Listen and Learn: Who is Your Teenager, Really?
Parents tend to enumerate a child's potential shortcomings before giving teachers the chance to form their own impressions. Let teachers get to know your kids, independent of your influence. Listen to how they describe your progeny; you may be both pleasantly surprised and slightly aghast.
If a teenager struggles in class, a vigilant teacher (and most of them are; trust me; they wouldn't do their thankless jobs if they didn't love those kids and believe in Making a Difference) will let you know. A teacher will present the actual struggle, which may differ from anything we have previously known about our kid. No teacher I have ever met relishes a confrontation about cheating, plagiarism, laziness, or bullying. It costs a teacher to call a student on the carpet. Parents who respond with "not MY baby" and "she's just not challenged in your class" miss a vital opportunity. Teenagers try on new personas and labels as frantically as they change their outfits before the mirror on Saturday night. The person he is at school may not resemble the person who comes home to us. Meanwhile, the labels we have for them grow increasingly uncomfortable and oppressive for our kids.
Even Positive Labels Fuel Their Rebellion.
Over and over, I see my own children and my students--well into their twenties, I am sorry to report--reject the labels their parents give them. They even--sometimes especially--rebel against the positive monikers we ascribe, thinking we are bolstering their self-esteem. The "bright" kid, the "brilliant musician," the "prodigy," also the "honest" or "responsible" child will, upon hitting puberty, cultivate some identity directly opposed to the one his parents have created for him. (Nobody manifests the conundrum better than "professional" children . . . say, Miley Cyrus or Lindsay Lohan.)
A teenager's constant refrain (similar to the toddler's lament) is, "You don't know me!" coupled with, "I do it mySELF!" When adolescents divulge their secrets, I am stunned by their simultaneous longing for parents who really know them and their compulsion to develop covert personalities which would horrify their families. More than I care to remember, I have seen students pull what I call the "Little Man Tate," blowing huge opportunities (or sabotaging scholarship offers or throwing AP tests) in a misplaced attempt to assert their independence to people they think control their lives.
I do it; we all do it: we tell our kids what they really think. A teenager lists the "mean" people in his class, and we respond, "Oh, you've known her since you were three! She's not mean, she's just irritating you!" They hear, "Your opinions and feelings are wrong." They are hyper-sensitive. No doubt about it. We state facts about their lives; they hear a catalogue of irrelevant achievements that cannot possibly define them. We have to walk on eggshells--and maintain that elusive balance--when attempting to reach the human beings wrapped inside our adolescent children.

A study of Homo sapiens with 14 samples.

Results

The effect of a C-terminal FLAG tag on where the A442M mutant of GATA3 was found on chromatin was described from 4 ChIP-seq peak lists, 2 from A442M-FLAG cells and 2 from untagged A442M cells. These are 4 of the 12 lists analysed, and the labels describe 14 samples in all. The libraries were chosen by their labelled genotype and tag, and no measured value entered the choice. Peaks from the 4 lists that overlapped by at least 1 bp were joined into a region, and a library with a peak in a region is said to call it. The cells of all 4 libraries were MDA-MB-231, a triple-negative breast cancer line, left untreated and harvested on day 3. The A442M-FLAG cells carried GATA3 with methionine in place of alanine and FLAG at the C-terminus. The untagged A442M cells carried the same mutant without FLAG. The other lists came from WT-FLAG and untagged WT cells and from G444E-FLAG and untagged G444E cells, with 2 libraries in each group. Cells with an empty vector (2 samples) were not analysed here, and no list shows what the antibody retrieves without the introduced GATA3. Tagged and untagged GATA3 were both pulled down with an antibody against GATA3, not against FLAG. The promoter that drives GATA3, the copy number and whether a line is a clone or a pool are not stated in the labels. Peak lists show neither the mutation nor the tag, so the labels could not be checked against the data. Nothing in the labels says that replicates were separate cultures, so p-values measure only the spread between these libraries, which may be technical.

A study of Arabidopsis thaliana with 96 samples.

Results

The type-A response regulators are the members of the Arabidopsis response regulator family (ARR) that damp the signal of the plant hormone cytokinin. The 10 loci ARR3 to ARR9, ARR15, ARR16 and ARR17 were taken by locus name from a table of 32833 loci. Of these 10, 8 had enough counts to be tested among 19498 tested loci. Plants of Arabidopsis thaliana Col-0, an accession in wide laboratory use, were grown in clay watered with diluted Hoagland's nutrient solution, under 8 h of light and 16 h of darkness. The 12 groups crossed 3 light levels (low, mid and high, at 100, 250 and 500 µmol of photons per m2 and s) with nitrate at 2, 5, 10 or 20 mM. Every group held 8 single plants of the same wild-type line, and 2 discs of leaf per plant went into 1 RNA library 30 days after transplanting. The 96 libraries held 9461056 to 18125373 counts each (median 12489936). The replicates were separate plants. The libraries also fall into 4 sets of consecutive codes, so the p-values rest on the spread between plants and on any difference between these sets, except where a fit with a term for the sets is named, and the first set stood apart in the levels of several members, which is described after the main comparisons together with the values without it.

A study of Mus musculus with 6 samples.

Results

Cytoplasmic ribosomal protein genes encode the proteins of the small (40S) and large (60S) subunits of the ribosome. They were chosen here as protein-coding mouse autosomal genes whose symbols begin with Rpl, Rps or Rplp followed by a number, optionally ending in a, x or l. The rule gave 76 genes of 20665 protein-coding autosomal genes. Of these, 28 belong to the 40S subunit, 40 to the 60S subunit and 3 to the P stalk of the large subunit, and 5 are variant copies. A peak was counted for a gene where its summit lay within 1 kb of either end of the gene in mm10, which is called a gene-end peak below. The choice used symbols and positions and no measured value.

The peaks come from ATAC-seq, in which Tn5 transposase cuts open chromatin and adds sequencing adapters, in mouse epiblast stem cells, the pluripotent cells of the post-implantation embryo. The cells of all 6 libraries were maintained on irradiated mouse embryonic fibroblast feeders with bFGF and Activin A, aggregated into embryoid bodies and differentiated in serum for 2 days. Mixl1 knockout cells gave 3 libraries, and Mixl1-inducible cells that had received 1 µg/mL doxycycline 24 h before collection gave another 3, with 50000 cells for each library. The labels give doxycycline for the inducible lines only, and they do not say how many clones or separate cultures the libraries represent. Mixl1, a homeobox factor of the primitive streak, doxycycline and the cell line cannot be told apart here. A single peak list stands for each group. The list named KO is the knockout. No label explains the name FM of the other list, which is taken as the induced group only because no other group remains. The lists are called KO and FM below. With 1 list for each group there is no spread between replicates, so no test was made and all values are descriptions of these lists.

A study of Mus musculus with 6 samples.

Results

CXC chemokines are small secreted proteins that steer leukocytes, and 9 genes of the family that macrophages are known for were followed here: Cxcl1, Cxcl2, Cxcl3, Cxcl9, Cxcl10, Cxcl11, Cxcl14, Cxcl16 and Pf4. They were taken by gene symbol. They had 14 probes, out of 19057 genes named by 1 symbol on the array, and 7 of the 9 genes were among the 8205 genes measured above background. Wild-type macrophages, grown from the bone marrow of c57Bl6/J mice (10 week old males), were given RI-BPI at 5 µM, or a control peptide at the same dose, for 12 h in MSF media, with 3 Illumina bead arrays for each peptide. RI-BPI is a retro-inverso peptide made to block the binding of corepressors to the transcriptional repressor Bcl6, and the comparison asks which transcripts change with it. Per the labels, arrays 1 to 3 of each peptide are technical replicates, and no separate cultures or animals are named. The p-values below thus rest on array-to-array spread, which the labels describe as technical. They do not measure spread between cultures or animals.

Teachers, coaches, grandparents, scout leaders, youth ministers--so many adults have helpful perspectives on our teenagers. The kids themselves have the most valuable insights. Listen to them. When we stuff a Christmas stocking with bacon-themed novelties for the boy who has cultivated a bacon-themed identity for two years, let us not be surprised by his pure disgust. Six weeks ago, he went on a vegan diet and considers our once-thoughtful gift the most personal of insults.
They Tell Us Their Stories: Let Us Listen.
It's exhausting. Teenagers speak in weird codes, at midnight when we are heading at last for bed, through idiotic fashion choices and missing assignments and their terrible choices in friends. They speak to us when they throw temper tantrums and lose their minds over relationships and lie about their whereabouts and shoot BB guns into plate-glass windows. Whatever cryptic messages they send, we do best to shut our own mouths and curb our desires to label them.
Let them speak to us, define themselves to us. Try not to be afraid. Trust your children; you've raised them well. They have freedom within boundaries and all the skills they need to navigate the rough waters of growing up. Nothing they do could ever really shame you; let them know they are okay in your eyes, no matter what. The whole wide world judges and mocks and challenges a teenager; let us be a safe place where they can express every little impulse they have without fear of being cut out of the will.
Let our teenagers tell us who they are and who they want to be. Watch them flourish. See them blossom, in ways that will profoundly surprise you. Let us honor each child's journey to happy, responsible adulthood: each personal, different-from-ours, unexpected, singular, beautiful journey.
When our teenagers are in real and present danger, let us KNOW it and swoop in to save them. Let us give them freedom within the boundaries which PROTECT them. Let us HONOR their own, surprising, mystifying, confusing, complicated expressions of who they long to be.